Books for Journalists (a request and suggestion)
It's about time that something other than textbooks got thrown into the mix. My reading diet has consisted of a half dozen college texts, as I hunt for work as a writer (it's looking more and more like I'll have to pursue freelance work and get a regular job until a staff position opens up somewhere).
In the meantime, I've been slowly working some Kurt Vonnegut into the mix. I had read three of his books during college - not to completion - including Timequake, Cat's Cradle and Hocus Pocus. Re-reading them has been a joy, but I need more. I will continue to pursue Vonnegut until I have read his full catalogue.
But I need suggestions. I enjoy authors like Vonnegut: authors who weave interesting stories within actual historical events, with witty and thoughtful dialogue and meaningful and topical themes. I want to read books that will make me wiser and perhaps even a better observer of the world around me.
Vonnegut fits that bill. Now comes your part.
My War Gone By, I Miss It So, Anthony Kelly:
Homage to Catalonia, George Orwell:
Martyr's Day, Michael Kelly:
Come to think of it, all the books that come to mind are war-related. Hmm.[/list][/code]
Well, not like Vonnegut at all, but one of my favorite books is The Light in August by Faulkner.
As far as Vonnegut goes, Cat's Cradle is my favorite followed by The Sirens of Titan and Bluebeard.
I dunno, I'm mostly a fan of classics. Huxley, Faulkner, Orwell and Steinbeck.
May or may not be up your street, Robert Kaplan has written a serious of books, a mixture of journalism and travel books, that range between the Balkans, the Middle East, southwest Asia and the upper half of Africa for the most part. Balkan Ghosts is probably his most famous work, though others like Surrender or Starve or Eastward to Tartary are interesting for their scope.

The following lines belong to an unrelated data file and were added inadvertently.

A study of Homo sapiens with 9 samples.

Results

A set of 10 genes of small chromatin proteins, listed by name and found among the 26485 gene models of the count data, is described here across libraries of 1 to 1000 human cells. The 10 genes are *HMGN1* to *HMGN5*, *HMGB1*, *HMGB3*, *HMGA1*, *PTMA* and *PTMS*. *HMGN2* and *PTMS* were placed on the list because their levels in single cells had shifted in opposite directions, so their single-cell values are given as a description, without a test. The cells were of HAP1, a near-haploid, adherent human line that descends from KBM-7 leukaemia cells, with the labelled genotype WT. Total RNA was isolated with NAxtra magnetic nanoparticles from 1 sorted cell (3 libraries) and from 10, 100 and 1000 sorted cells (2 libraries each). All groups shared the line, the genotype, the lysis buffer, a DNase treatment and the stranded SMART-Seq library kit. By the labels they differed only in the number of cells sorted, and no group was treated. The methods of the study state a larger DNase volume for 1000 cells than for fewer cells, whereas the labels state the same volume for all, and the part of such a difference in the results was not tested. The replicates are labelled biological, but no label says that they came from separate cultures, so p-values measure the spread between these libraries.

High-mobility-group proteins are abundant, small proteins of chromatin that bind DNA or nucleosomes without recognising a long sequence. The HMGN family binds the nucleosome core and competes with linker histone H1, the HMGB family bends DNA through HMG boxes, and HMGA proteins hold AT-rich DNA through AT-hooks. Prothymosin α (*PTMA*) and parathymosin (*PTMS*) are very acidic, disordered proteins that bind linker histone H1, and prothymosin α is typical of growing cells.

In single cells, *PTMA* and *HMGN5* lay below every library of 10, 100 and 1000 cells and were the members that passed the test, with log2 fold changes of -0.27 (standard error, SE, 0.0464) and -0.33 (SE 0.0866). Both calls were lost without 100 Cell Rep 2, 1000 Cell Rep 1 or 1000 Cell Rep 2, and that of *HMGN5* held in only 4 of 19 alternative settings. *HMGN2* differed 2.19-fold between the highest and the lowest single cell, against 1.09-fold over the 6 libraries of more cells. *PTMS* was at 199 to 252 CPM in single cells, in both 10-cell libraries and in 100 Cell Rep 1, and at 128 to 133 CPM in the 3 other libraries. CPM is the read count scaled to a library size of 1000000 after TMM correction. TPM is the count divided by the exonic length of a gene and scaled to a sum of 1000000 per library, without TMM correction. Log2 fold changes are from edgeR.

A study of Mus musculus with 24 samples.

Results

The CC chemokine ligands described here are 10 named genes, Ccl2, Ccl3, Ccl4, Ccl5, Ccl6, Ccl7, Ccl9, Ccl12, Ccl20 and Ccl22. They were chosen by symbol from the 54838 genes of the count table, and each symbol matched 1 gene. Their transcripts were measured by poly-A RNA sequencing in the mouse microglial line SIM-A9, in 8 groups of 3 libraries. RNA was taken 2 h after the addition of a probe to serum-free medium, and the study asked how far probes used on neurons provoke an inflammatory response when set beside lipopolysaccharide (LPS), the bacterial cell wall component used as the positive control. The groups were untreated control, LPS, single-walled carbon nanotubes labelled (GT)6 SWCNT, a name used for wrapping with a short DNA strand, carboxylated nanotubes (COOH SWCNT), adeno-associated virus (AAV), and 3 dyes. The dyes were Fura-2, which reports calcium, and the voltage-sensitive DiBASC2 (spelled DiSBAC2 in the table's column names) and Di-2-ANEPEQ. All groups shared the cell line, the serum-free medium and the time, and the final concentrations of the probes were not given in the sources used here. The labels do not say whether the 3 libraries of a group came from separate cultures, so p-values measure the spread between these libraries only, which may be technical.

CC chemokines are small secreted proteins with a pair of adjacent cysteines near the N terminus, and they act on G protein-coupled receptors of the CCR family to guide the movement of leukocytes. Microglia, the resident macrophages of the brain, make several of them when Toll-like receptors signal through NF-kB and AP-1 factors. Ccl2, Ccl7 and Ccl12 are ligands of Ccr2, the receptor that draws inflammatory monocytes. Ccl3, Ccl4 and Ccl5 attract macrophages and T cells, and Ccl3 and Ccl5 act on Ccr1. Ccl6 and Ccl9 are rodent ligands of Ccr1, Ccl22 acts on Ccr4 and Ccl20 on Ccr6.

Sebastien Junger's Fire to me is a great collection of journalistic inspiration; how he started his writing career with nothing but an idea to write about a forest fire, and how he slowly expanded from there - from other forest fire stories to an old Caribbean whale hunter to Yugoslavia and Cyprus - and would eventually write The Perfect Storm, after which he went to Afghanistan and wrote about Massoud (then went back during Enduring Freedom).
Two sets of good collections come from David Roberts, who pioneered the kind of adventure/outdoor writing that Jon Krakauer (Into Thin Air) became so well known about - if you like stuff about that kind of activity. Krakauer's Eiger Dreams is generally decent as well (and Into the Wild is just damn good). I may be getting a bit off field however.
All of these guys are basically journalist/writers that wrote for magazines of various types and later collated their works into books, or based a book on one of their works.
The Hidden War by Artyom Borovik. Dispatches by Michael Herr. Salvador by Joan Didion.
Miami by Joan Didion. Speed Tribes by Karl Greenfeld. What It Takes by Richard Ben Cramer. Moneyball by Michael Lewis.